Understanding flood warnings
Major floods can cause serious damage, injuries, and death, so when flooding is possible, the National Weather Service issues watches, warnings, and advisories to alert the public. To respond appropriately, workplaces need to understand what these alerts mean and what to do when they are issued.
By taking the proper actions, employers can help reduce the danger and damage of floods. Below is an explanation of each warning and how work teams can appropriately respond:
• Flood Watch: A flood watch indicates that flooding is possible. When a flood watch is announced, employers might consider alerting workers since the situation could worsen. Workplaces should stay tuned to local radio, television, or news websites for further advisories. Work teams may want to reconsider any travel they have planned
• River Flood Warning: These warnings are issued when a river at a gauge site is expected to or has exceeded flood stage. Employers with facilities located near or next to rivers should take action immediately in the event of such a warning
• Flash Flood Watch: When human lives and property are in danger due to sudden and serious flooding, a Flash Flood Watch will be issued. Workers should be prepared to move to higher ground if necessary and stay tuned to NOAA weather radio or local news sources for more information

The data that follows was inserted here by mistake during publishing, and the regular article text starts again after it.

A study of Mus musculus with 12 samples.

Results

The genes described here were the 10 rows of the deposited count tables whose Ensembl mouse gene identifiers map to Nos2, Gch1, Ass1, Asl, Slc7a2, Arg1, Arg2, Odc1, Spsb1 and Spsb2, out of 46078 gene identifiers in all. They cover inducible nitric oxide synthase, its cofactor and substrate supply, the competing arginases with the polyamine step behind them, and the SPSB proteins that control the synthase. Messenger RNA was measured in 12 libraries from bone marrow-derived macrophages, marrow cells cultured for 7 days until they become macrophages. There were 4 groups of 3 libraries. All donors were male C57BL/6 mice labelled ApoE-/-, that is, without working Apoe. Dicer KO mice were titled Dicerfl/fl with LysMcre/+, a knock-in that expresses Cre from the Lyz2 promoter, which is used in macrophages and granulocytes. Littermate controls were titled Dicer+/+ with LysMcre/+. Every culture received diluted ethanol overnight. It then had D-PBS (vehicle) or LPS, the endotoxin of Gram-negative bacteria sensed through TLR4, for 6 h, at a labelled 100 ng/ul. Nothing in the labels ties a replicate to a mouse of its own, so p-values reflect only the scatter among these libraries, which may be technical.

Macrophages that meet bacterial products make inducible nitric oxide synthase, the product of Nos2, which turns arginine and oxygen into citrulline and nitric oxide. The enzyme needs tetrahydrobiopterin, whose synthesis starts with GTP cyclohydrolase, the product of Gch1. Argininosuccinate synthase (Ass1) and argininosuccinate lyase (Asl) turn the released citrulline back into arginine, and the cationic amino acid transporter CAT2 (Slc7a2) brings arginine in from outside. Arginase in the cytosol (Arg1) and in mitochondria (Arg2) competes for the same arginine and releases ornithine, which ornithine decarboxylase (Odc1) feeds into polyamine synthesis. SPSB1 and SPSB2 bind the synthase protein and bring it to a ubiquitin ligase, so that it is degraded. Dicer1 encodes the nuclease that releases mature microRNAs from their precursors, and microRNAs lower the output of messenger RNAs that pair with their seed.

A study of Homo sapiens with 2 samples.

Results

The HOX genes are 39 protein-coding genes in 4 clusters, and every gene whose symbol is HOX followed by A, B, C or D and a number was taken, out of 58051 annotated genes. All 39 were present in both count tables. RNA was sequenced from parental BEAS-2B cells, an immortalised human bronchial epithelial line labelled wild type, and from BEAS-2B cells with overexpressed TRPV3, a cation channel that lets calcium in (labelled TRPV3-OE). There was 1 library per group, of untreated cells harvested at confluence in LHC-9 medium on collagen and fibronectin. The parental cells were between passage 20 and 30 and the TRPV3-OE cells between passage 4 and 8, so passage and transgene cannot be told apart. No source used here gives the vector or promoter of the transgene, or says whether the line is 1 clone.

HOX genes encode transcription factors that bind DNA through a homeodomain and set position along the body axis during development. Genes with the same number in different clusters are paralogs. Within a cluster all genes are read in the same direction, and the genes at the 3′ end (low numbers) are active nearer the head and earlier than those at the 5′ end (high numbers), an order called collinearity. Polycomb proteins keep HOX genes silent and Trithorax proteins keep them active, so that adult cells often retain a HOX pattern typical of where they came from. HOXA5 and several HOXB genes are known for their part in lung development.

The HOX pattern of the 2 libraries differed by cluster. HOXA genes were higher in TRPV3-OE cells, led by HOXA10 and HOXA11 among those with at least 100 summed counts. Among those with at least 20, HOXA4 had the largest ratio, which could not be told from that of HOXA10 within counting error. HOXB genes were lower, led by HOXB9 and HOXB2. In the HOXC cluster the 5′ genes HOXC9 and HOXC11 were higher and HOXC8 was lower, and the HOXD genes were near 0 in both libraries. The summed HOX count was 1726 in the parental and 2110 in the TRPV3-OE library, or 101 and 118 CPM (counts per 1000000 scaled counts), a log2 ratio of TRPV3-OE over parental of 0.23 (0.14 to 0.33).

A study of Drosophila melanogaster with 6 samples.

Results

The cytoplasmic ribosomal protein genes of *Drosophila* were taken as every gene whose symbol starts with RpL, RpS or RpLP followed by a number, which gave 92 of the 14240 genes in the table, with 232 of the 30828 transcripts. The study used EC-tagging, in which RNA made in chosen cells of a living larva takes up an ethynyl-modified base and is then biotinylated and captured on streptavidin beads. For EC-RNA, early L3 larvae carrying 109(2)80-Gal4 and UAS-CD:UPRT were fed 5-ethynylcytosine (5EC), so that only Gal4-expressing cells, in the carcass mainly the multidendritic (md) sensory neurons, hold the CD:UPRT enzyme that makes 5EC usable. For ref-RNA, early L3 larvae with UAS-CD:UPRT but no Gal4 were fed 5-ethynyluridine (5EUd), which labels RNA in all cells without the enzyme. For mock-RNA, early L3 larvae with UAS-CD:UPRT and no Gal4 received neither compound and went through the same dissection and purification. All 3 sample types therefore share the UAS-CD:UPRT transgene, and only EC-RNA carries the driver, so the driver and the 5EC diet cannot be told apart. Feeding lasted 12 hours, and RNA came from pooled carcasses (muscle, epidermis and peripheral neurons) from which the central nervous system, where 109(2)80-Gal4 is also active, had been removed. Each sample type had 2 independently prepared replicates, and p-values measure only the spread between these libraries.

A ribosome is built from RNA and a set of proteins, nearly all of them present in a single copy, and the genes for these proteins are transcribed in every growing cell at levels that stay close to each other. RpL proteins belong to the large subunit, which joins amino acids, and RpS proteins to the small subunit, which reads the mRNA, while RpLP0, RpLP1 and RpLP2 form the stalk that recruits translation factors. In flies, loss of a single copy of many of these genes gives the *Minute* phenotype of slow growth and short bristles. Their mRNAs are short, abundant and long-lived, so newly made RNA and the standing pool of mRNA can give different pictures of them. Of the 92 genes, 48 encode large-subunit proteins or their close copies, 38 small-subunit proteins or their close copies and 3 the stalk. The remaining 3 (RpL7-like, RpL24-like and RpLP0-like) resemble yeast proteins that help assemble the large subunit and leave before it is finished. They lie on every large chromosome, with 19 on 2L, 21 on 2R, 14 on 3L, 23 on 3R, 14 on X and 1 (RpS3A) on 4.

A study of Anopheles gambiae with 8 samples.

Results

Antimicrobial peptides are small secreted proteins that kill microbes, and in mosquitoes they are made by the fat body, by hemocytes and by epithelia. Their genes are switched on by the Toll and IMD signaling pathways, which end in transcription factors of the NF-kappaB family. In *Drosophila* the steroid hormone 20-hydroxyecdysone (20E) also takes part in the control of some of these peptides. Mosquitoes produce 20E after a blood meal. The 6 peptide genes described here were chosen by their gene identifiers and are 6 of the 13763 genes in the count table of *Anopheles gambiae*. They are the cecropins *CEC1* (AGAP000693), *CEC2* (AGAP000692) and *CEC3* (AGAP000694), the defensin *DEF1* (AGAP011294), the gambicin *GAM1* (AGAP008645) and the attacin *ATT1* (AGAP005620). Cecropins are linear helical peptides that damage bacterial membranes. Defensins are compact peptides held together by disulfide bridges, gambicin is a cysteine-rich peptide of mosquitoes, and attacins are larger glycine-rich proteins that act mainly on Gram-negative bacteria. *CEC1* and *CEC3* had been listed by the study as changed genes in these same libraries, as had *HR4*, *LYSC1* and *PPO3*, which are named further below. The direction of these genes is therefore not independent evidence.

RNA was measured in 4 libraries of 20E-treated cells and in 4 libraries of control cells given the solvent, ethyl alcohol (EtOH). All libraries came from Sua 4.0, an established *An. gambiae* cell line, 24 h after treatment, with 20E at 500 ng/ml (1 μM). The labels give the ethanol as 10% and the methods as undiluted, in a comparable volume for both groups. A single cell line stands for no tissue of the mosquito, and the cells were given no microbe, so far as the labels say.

• Flash Flood Warning: This type of warning is issued in response to a few hours of seriously heavy local rainfall, a dam or levee break, or when water is rapidly released from an ice jam and causes nearby flooding. When Flash Flood Warnings are issued, workplaces can expect flooding to occur very soon if it hasn’t already. Employees should evacuate immediately if advised to do so and head on foot to higher ground
• Urban and Small Streams Flood Warning/Advisory: When this type of warning is issued, it means that flooding is occurring in small streams, roads, and low-lying areas such as city storm drains or railroad underpasses. To ensure safety, work teams should avoid such locations. Employers can also remind workers not to drive through flooded roads. The depth of water cannot always be known since the road bed may be washed out beneath the water. Driving through flooded roads can cause motorists to become stranded or trapped. It is important to remember that many vehicles will float in only one foot of water, and can be carried away by two feet of rushing water
Approximately 125 flood-related deaths happen each year in the United States. Intense storms, heavy rainfall, rapid snowmelt, tidal surges, ice jams, and dam failures can all cause major flooding. When these situations occur, workplaces should stay alert to prevent costly flood damages and provide the proper safety supplies to protect worker safety and health.